March C-17, crew star in hostage training film
By Staff Sgt. Megan Crusher, 452nd AMW Public Affairs
/ Published April 30, 2012
MARCH AIR RESERVE BASE, CALIF. -- Eight South Sudanese soldiers fixed their weapons on a March C-17 Globemaster III during a tense standoff last month. The situation was resolved within hours, then the flight crew and soldiers attended a wrap-up party to discuss the day's events.
The 452 Air Mobility Wing welcomed Combat Media, a film production company, aboard a March C-17 Globemaster III, to shoot a training video as part of the Air Force Cultural and Language Center's Cultural Awareness program March 21.
The main scenario depicted actors portraying South Sudanese military members taking an offensive stance towards a U.S. military C-17 and crew on their airfield.
The training is important because deploying aircrews must know how to handle themselves in situations that require knowledge of foreign cultures. We do not want to unintentionally offend someone due to cultural misunderstandings. Knowing what to say and how to say it could be the difference between an international incident and making new friends.
This footage was the final sequence of events for the Air Force's Cultural and Language Center's video on South Sudan and is the fourth installment for Combat Media after completing videos on Rwanda, Nigeria and Morocco.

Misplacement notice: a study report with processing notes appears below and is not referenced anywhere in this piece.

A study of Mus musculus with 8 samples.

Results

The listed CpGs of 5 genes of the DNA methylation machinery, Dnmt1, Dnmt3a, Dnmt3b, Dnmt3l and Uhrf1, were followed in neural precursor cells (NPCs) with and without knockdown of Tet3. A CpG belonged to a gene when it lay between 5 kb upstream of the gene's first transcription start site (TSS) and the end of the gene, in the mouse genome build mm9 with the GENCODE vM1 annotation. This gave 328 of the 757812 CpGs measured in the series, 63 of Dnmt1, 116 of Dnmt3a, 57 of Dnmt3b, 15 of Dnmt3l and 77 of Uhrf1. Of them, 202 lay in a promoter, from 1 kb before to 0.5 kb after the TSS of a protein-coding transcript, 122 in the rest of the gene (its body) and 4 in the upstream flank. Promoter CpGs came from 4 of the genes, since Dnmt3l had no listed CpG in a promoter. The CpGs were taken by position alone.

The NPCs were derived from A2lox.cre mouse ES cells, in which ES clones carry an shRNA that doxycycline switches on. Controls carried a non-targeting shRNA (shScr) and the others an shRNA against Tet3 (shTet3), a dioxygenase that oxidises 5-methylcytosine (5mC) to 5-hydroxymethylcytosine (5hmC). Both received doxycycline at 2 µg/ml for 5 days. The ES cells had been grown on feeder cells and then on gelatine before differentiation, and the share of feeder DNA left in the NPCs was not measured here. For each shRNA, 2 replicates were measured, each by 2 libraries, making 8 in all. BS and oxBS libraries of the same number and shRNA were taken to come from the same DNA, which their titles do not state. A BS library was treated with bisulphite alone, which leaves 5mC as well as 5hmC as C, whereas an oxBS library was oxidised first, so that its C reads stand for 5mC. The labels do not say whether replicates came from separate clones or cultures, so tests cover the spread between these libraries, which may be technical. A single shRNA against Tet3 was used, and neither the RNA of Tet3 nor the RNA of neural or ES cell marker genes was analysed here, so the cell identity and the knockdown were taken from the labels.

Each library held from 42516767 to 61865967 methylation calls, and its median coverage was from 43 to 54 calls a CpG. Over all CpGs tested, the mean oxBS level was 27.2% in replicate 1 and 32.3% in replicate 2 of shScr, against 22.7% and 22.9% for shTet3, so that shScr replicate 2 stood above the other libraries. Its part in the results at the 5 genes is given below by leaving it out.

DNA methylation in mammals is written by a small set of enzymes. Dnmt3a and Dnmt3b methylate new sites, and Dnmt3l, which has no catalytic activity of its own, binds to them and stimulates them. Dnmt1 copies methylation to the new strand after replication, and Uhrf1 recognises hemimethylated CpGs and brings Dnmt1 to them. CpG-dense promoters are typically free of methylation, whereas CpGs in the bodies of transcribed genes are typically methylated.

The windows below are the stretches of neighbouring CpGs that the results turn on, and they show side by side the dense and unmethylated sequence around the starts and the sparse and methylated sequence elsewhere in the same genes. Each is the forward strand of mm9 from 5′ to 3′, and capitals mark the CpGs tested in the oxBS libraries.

In support of the film shoot, a contingent of base agencies combined efforts to ensure filming went smoothly during the day-long production event on the flight line behind Base Operations.
The morning began when three production trucks and a generator vehicle arrived and were thoroughly searched by Security Forces before being staged on the flight line.
On scene, Master Sgt. Daniel McDow, Combat Arms, 452 Security Forces, conducted an inspection of the "dummy" weapons, which included rocket-propelled grenades and AK-47s, that were to be used as props during the scenes. He confirmed the weapons were inert and could not be converted into actual weapons.
After the weapons were cleared, Maj. Ryan Van Scotter, pilot, 729th Airlift Squadron, provided a safety briefing and served as technical advisor for the aircrew actors and scenes shot aboard the C-17.
Staff Sgt. Mark Estorga, 452 Security Forces Raven, played an important role as technical advisor to the actors portraying Ravens, a flyaway security force team that travels with aircraft into hostile areas where the airfield is not secure. Estorga made sure the actors carried their weapons properly and presented themselves the way a trained Raven would under the circumstances.
Maintenance personnel also played a key role during the day's events and were on-site throughout the entire production. Tech. Sgt. Jack Fisher, crew chief, 452 Maintenance Squadron was the go-to person for maintenance issues, such as powering up the aircraft, opening and closing the ramp and making sure the director had the visual characteristics he wanted.
452 AMW Public Affairs, 163rd RW Public Affairs and Combat Camera were on hand as escorts, technical advisors and points of contact for the production team.
"Thanks to all base organizations and their ability to work together the day went wonderfully and seamless," said Christine Frye, production coordinator, Combat Media.